Michael Mann is a climate scientist and researcher whose work has been at the center of the global warming debate for decades. After emails came to light concerning Mann’s statistical methods, two of his critics wrote scathing pieces arguing that Mann had “molested and tortured data in the service of politicized science,” and calling for “a fresh, truly independent investigation.” Despite such harsh criticism being par for the course in online commentary, Mann sued both writers (Mark Steyn and Rand Simberg) and their publishers (National Review and the Competitive Enterprise Institute, respectively) for libel.
A three-judge panel of the D.C. Court of Appeals (the District’s highest court) ruled that Mann’s libel claim could succeed in front of a jury, and allowed the case to go forward. The defendants have asked the court to reconsider the implications of its decision, and Cato has filed a brief supporting that request.
Harsh words are common to the discourse of pundits and politicians alike. Op-eds and stump speeches frequently feature terms like “fraud,” “scam,” “misconduct,” and even “treason.” Whether such characterizations are apt or not is for readers and listeners to judge, but until now few imagined that using them could lead to years of litigation and a costly libel verdict.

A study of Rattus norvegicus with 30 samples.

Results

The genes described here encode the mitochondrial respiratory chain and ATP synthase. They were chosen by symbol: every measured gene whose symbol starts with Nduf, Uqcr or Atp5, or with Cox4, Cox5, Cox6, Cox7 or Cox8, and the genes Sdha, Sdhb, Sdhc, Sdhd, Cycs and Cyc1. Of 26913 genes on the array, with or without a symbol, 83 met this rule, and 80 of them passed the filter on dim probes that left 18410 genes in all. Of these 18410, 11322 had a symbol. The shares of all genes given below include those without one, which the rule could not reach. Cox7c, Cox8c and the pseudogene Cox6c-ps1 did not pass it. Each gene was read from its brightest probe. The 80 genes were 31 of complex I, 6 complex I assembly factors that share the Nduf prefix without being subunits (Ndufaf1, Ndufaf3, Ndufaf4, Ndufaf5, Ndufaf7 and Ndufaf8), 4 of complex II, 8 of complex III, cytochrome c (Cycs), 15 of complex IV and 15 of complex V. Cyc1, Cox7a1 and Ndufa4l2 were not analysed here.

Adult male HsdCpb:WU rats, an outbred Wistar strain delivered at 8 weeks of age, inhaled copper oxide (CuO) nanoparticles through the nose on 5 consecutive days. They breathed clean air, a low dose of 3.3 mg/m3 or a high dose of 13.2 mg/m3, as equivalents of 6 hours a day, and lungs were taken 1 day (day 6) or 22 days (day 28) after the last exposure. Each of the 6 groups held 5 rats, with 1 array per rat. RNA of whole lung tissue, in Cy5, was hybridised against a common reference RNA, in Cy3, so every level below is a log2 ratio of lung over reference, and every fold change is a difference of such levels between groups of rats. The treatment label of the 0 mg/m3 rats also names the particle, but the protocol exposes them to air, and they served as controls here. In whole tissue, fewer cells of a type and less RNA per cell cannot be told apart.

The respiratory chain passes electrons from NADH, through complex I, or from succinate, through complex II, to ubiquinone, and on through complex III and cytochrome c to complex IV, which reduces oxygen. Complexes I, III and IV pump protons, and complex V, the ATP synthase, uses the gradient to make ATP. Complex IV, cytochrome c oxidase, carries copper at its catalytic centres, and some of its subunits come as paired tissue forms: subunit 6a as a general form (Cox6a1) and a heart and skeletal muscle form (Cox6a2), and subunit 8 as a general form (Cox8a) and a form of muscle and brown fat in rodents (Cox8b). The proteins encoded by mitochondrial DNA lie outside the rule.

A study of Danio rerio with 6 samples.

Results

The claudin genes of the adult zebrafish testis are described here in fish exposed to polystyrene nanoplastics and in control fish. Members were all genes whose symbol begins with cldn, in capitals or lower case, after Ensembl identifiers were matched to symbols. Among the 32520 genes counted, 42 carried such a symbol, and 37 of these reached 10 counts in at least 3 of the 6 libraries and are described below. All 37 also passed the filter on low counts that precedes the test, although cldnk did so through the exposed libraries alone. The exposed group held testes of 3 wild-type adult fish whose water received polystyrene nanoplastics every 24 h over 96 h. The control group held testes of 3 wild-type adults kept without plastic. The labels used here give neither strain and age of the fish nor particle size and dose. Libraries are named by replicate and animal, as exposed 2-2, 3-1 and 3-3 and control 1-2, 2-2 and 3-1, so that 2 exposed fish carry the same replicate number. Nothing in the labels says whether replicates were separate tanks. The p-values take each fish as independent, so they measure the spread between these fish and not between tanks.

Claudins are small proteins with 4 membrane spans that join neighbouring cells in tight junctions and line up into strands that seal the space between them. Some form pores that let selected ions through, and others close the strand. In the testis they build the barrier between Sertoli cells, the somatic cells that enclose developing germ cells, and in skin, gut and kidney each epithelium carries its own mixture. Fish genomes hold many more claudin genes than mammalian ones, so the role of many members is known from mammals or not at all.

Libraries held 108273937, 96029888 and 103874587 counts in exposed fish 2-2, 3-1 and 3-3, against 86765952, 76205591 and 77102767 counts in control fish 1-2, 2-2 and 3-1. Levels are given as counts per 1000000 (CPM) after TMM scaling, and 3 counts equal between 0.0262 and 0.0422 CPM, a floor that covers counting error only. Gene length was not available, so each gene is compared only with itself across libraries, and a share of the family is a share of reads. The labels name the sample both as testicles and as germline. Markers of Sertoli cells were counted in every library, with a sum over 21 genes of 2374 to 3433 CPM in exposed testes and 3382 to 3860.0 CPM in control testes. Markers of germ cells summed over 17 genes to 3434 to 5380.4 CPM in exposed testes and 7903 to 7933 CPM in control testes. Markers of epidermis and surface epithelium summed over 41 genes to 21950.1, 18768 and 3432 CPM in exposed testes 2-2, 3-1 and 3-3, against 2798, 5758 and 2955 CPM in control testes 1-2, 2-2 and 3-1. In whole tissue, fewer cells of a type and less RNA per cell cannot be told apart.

Similarly, calls for investigation and accusations of whitewashing have a long history dating back to Emile Zola’s J’accuse…! and continuing today with debates over the trials of O.J. Simpson, George Zimmerman, and many others. If Mann’s critics committed actionable libel, then so might everyone who has voiced disagreement with such verdicts, as well as everyone who has called for politicians to be investigated for corruption, fraud, or war crimes.
Finally, the court wrongly held that merely comparing a public figure to a “notorious person” could be libelous. As we know from Godwin’s law, such comparisons are a time-honored tradition of American debate. Opinion writers in recent years have invoked colorful analogies to Timothy McVeigh, Charles Manson, and Jack the Ripper to express their displeasure with the conduct of public figures. Writers and historians concerned with the conduct of politicians have drawn parallels with Stalin, Mussolini, and, of course, the ubiquitous Hitler. Right or wrong, such language is unquestionably speech on subjects of public concern.
The D.C. Court of Appeals should give Mann v. National Review a second look and reverse its earlier decision. It’s no exaggeration to say that the court’s reasoning could put thousands of articles, blogposts, and even tweets under a cloud of potential liability, thereby chilling the speech that is the lifeblood of Washington politics. Cultural and political debates should be litigated in the court of public opinion, not law.